Out of the blue, this morning, I heard this phrase in my inner ear: Writing doesn't have to be a chore.
Okay, I thought, I'll write about that. Thank you, subconscious mind!
Writing, I wrote, on the nearest piece of lined paper, doesn't have to be a chore. It can be an adventure. A pleasurable break from ordinary life. A source of inner delight. And a real comfort.
Writing can be all these things, for several reasons. But the core reason is, it focuses your mind on just one thing, not on the zillions of things you should do, and yesterday.
Writing takes you away from all that. As in, it gives you a vacation from your most worried self, the one that keeps you running on a treadmill, day after day after day. But there's more that writing can do. Much more.
Hah, you may be thinking. Sure.
I can understand your skepticism. But I'm not suggesting anything to you that I can't prove. Although, the deal is, you have to be part of the equation. You'll have to show yourself how writing can be a comfort and a pleasure, how it's really possible.
Here's what I have in mind: A simple way to begin writing -- without dragging tons of internal pressure behind you.
First, you find about five sheets of paper, and a pen that writes smoothly. And you sit down in a comfortable spot, with something to support your paper, if you're not near a table.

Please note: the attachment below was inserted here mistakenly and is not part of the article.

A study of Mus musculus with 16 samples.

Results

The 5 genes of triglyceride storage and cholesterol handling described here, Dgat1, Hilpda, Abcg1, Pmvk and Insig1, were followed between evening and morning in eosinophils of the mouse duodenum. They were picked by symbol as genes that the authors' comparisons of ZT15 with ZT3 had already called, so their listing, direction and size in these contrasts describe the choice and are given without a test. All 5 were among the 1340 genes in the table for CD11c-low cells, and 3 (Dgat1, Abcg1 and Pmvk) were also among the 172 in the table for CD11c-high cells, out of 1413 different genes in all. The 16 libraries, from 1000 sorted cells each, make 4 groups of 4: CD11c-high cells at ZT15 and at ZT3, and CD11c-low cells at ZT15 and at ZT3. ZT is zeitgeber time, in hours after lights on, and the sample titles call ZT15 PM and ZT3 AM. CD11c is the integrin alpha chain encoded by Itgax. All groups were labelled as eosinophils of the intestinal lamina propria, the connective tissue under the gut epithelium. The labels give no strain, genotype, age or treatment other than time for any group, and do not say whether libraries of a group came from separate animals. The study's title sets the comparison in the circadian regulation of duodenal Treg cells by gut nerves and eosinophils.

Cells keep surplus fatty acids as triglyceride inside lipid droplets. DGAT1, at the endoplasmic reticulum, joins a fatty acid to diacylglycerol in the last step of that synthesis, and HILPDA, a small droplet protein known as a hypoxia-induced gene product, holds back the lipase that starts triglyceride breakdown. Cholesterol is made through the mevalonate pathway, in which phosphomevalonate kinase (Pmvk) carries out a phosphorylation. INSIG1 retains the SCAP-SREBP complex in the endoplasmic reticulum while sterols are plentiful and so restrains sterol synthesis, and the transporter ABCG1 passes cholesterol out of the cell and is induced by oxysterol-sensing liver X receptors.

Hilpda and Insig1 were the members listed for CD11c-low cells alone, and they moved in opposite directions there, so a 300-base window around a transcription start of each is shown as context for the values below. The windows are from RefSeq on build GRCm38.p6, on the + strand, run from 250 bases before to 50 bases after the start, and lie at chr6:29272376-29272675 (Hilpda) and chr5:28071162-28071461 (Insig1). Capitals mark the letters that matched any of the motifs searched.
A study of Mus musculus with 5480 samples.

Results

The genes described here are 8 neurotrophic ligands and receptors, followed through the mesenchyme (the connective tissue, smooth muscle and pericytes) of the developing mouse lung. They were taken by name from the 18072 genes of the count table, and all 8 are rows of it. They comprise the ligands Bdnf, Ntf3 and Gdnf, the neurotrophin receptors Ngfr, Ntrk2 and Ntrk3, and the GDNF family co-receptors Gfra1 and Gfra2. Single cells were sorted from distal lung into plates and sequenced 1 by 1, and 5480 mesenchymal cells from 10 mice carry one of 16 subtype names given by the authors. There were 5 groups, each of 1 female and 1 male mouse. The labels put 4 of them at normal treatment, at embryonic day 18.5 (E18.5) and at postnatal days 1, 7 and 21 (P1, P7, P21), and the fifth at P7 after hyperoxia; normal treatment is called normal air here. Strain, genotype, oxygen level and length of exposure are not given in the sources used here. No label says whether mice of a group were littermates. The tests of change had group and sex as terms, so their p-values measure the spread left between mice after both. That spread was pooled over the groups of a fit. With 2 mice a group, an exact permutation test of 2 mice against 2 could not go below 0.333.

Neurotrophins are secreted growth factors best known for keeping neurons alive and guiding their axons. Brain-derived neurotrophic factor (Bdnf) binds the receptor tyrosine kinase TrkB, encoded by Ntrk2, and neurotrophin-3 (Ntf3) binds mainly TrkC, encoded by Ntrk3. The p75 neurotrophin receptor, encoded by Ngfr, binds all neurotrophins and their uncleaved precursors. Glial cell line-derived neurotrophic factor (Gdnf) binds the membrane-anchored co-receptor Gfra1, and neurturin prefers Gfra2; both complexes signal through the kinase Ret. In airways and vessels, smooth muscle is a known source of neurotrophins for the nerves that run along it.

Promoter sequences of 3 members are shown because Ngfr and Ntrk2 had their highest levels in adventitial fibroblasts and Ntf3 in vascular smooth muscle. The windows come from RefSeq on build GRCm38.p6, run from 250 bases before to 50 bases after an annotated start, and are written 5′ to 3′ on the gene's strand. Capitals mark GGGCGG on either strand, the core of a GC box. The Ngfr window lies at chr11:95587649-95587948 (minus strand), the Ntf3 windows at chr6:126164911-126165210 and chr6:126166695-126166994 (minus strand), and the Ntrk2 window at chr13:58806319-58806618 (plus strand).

Second, you think of a four- or five-word phrase that conjures a peaceful image in your mind. "Black cat, curled asleep." "One drop, water ripples long." "Mist hovers, canoe glistens." A haiku-like image is good.
Third, you read your short phrase and zone-out, letting it sink into your being, as if in meditation. Sit there with your phrase, gathering daydream-y associations. For about five minutes.
Fourth, start writing your associations down. But begin by writing down this phrase first: "I remember when . . ." And take it from there.
By giving your mind the time, and the place, and the means to play in this way -- to frolic around in its right-brain imaginative faculty -- you are giving your mind and yourself two comforting things:
- Relaxing your tensions, you enter a stress-free playground.
- Giving yourself the experience of writing as a form of play, you learn that your playful imagination is the best possible springboard for good work.
Try using your "writing playground" as a warm-up -- before you tackle the writing for your book. It will lead you into the work you want to do, without stress or anxiety blocking your way.
Writing doesn't have to be a chore. Create a playground for yourself, instead, and writing can become a pleasure and a comfort both.